Wuthikah’s First Summer in the U.S. – The Perfect Summer That was Falling Apart
Summer was not something I thought about when I was in Cambodia. It’s a tropical climate with just dry and rainy seasons; the hot weather was just a constant throughout the year. Plus, I did not have a three-month-long break from school either. I believe that was why I started planning my first summer after two months in the U.S. The thought of gaining many experiences outside the school in the first summer abroad filled my head with dreams of what I could do and had me smiling from ear to ear. I imagined and planned my PERFECT first summer. However, little did I know that the closer it got to my summer break, the more plans I had made during the school year fell apart for many unforeseen circumstances. Although this was a bumpy journey, I am glad to be able to gain alternative experiences this summer.
I was desperate, frustrated, and upset. I did not know what to do as I changed my plans the closer it got to the summer break. My heart which had been pounding with excitement about my adventures to come, now pounded with anxiety. I ended up not doing so much planning, took whatever opportunity came my way, and let time work its magic. As a result, I enrolled in a virtual fellowship course with FIMRC (Foundation for International Medical Relief of Children), assisted one of Centre College’s professors with her research, attended the PPIA Public Service Weekend, became an assistant for the Lincoln Peer Mentoring program and one of the leaders for the Lincoln pre-first year orientation.
Although the FIMRC virtual fellowship assured me that a career in health care is not for me, I learned so much about what global health means, public and community health, comparing healthcare systems between FIMRC partnering countries to Cambodia. I also enjoyed learning about important health topics to policy-makers such as social determinants of health, threats to global health, health as a human right, global health with justice, and introducing technology in healthcare.
Next, was my trip to Knoxville, Tennessee with Dr. Chelsea Cutright (an International Studies Professor at Centre College). It was a meaningful experience, especially for me who had just finished my first year of college. I am grateful for the opportunity to assist her with the preliminary research on domestic sports for development. We had meetings with KORE Mobile Outreach and First-Tee Knoxville. I was able to attend their events and played with kids from different communities in Knoxville. On the trip, I often thought of how I can bring this idea (sports for community and personal development) to children in Cambodia and educate them about health, nutrition, and ways they can be more active while gaining life skills through sports and games. This experience taught me so much about the research process, working with local organizations, exploring a new city, knowing that I can tailor my international studies major to focus on what I am most passionate about, and also getting to know more about my professor personally.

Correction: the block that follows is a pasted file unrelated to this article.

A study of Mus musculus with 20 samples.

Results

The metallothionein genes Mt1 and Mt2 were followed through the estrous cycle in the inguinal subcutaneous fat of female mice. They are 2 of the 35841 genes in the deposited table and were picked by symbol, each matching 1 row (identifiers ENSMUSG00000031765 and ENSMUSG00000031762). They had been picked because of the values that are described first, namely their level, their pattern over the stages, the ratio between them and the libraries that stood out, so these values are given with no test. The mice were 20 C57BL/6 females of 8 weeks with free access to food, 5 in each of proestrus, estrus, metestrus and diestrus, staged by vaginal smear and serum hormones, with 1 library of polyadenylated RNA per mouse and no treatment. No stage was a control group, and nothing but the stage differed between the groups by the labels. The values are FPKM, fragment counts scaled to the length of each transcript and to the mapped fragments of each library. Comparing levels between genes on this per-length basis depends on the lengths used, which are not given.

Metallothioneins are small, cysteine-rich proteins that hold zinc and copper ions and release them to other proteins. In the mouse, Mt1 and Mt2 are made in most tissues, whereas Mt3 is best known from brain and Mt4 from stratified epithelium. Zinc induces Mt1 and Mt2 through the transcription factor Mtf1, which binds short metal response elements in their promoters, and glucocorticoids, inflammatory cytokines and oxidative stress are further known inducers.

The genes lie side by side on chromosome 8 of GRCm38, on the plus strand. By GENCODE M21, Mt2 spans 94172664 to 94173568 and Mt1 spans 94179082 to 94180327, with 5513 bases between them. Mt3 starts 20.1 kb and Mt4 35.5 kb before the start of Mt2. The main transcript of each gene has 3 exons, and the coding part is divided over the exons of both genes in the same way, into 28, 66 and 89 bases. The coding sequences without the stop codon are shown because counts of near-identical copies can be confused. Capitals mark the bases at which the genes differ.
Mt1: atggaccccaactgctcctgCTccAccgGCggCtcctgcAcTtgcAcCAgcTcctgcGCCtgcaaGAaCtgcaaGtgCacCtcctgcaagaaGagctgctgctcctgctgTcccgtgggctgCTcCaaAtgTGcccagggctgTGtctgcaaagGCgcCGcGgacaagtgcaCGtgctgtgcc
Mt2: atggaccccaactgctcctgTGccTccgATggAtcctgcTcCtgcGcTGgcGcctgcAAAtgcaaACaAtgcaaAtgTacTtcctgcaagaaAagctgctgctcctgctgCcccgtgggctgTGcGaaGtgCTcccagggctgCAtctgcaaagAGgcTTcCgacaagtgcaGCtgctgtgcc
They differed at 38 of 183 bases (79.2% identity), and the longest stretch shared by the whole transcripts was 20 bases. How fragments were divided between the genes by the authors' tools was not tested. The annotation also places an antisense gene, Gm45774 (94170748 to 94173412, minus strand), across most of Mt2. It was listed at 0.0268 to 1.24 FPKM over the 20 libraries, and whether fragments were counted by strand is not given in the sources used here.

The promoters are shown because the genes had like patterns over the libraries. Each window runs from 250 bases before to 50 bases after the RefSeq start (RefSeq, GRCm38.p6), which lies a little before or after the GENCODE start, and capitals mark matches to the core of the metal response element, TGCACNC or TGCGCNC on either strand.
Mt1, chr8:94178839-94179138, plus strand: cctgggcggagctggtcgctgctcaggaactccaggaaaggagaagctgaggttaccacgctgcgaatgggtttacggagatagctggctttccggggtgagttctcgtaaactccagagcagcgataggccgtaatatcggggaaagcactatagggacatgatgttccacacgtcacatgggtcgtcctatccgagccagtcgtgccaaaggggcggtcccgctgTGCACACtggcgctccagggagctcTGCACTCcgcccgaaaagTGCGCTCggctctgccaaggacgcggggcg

My weekend at the LBJ School was probably the highlight of my first summer in the U.S. I am honored to have been selected as one of the 38 participants among 450 applicants to attend the PPIA Public Service Weekend: Emerging Public Policy Issues in Texas and the American South. The PPIA Public Service Weekend is a three-day conference empowering undergraduate students and recent post-graduates from historically underrepresented backgrounds to consider graduate degree programs and careers in public service. I learned and was inspired by outstanding speakers and panelists through many thought-provoking and meaningful discussions on various public policy topics ranging from civic engagement and voting rights, policy-making in a bipartisan environment to race and democracy, border issues, and the housing affordability crisis. I also had the opportunity to produce and present my first oral testimony in front of Texas State Representative, Gene Wu. This experience allowed me to connect and expand my network with many incredible people in the public service sector. I want to thank Estevan Delgado, Michael Paniagua, and the PPIA for making this weekend conference an empowering and inspiring experience that awakened my passion for public service and public policy.
This summer, I also helped Dr. Robert Schalkoff (director of the Lincoln Scholars Program at Centre College) with the peer-mentoring program and helped to plan the pre-first year orientation for the new cohort. I want to thank Dr. Schalkoff for his continuing support during my first year at Centre College. These summer experiences were possible because of his guidance and encouragement.
One final and important takeaway from this summer was a lesson in flexibility and rolling with the punches. Things might not always work out the way you plan them, but that doesn’t mean things are ruined. So, take the time, enjoy the slow progress, no stress planning and be flexible. Sometimes, the thing we are least expecting might become the best thing to happen. Instead of going to a new country or challenging myself to be in the woods, I went to two new states and challenged myself in areas I had little knowledge of before: healthcare, sports, and public policy.
So while this may not have been my perfect dream first summer in the U.S., it turned out to be full of unexpected opportunities and learnings. Now, onwards to sophomore year and more adventures to come!